But regulatory probes have shone an unwanted spotlight on the benchmark known as the London gold fix, and prompted calls for change.
The five banks that set the standard – Barclays, Bank of Nova Scotia, Société Générale, Deutsche Bank and HSBC – have been hit by multiple lawsuits from investors alleging they colluded to rig the price for their own benefit. Deutsche Bank, which gave up its seat on the gold-ixing panel, said the lawsuits had no merit. Barclays, SocGen and HSBC had no comment, and Scotiabank could not be reached.
“This is a setting that is very easy to be manipulated either by one individual bank or by a group of them,” said Rosa Abrantes-Metz, an associate professor with New York University’s business school, whose research identified a series of unusual trades before the gold benchmark was announced. “It completely lacks oversight and involves a very small group of competitors, so it is easy to co-ordinate behaviour,” she said.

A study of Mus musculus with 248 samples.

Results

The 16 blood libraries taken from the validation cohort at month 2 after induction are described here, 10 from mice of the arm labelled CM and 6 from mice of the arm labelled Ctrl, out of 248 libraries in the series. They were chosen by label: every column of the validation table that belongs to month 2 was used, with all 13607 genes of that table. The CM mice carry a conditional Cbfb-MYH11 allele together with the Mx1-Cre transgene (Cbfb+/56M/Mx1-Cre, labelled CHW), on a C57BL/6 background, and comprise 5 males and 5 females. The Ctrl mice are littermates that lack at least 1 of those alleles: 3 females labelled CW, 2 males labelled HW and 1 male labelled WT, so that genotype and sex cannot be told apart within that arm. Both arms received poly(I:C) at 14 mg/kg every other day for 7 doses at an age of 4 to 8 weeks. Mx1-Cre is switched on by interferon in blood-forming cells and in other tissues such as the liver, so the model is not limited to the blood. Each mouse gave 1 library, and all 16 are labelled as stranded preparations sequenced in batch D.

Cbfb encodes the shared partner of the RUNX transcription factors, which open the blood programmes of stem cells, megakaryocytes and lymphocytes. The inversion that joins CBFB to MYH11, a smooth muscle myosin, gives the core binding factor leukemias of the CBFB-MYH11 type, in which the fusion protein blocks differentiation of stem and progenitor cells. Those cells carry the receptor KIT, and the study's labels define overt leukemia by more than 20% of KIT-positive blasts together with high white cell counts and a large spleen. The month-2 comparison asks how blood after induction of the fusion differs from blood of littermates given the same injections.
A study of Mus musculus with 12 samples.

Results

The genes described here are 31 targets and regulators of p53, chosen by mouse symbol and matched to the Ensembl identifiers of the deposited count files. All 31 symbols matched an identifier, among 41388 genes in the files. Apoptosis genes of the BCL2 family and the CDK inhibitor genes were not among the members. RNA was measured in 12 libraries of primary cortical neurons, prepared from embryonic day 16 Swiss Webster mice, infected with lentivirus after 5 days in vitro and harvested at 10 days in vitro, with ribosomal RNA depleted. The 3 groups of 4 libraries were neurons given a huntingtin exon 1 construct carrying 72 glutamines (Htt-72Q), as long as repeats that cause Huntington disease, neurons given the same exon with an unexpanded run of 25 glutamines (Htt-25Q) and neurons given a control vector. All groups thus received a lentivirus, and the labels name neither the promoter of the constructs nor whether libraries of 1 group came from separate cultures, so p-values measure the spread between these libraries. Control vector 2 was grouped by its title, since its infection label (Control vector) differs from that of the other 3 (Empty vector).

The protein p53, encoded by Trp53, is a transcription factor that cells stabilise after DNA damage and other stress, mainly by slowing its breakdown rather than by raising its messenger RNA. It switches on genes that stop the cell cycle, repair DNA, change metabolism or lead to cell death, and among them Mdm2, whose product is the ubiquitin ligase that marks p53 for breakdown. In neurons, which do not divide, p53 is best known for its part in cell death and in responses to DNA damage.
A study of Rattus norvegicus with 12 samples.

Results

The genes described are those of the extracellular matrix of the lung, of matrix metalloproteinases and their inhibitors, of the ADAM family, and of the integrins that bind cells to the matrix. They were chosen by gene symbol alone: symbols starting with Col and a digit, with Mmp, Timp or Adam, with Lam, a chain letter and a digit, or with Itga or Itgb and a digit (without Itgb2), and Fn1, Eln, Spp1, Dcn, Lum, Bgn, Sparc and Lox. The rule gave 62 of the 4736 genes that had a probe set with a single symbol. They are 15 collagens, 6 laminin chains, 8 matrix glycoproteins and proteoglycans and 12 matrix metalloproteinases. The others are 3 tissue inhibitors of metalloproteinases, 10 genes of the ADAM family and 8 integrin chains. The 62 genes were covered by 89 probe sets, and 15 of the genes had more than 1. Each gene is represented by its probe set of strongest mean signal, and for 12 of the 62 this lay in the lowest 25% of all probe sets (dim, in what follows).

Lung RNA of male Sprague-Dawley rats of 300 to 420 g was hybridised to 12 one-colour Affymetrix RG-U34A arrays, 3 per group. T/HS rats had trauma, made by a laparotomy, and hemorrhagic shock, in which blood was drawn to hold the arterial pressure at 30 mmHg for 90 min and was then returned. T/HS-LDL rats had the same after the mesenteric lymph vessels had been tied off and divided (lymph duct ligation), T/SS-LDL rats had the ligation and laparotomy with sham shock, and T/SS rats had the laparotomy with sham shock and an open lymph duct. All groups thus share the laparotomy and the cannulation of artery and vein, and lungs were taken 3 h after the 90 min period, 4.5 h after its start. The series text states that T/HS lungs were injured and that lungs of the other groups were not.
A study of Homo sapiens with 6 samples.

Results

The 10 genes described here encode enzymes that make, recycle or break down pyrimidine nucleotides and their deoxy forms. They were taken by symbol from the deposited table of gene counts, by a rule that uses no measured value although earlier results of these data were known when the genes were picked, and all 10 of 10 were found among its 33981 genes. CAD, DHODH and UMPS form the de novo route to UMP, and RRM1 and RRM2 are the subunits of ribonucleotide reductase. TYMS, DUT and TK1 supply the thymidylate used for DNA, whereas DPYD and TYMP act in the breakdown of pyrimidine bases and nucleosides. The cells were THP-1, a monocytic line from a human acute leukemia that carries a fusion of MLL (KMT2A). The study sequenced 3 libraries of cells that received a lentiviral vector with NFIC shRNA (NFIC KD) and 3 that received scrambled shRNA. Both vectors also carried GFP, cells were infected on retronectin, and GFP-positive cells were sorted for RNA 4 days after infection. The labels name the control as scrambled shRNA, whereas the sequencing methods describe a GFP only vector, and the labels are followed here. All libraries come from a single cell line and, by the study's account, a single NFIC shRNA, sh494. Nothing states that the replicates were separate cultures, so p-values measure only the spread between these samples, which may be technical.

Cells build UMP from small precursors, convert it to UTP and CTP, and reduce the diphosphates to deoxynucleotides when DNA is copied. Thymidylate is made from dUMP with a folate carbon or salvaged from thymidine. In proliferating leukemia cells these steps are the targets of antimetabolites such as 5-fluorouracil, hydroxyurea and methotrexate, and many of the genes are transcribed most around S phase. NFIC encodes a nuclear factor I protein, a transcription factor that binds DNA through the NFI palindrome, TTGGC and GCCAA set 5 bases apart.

After accusations of interest rate rigging surfaced two years ago, regulators and investors started questioning the integrity of all benchmarks, including those used for oil, silver and foreign exchange prices.
Because spot gold is traded around the clock, the London gold fix is used as a benchmark similar to a publicly traded company’s closing price on a stock exchange. But it appears woefully out of date in a world where material information is disseminated on Twitter and retail investors can monitor stock prices online.
Not much has changed since the early 1900s, when five bankers from the largest bullion houses used to convene at the Rothschild headquarters in London at 10:30 a.m. and 3 p.m. to determine the benchmark.
The bankers still get orders to sell and buy gold bars from their clients and their own accounts. They then try to match orders until there is an agreed upon price and that becomes the global benchmark.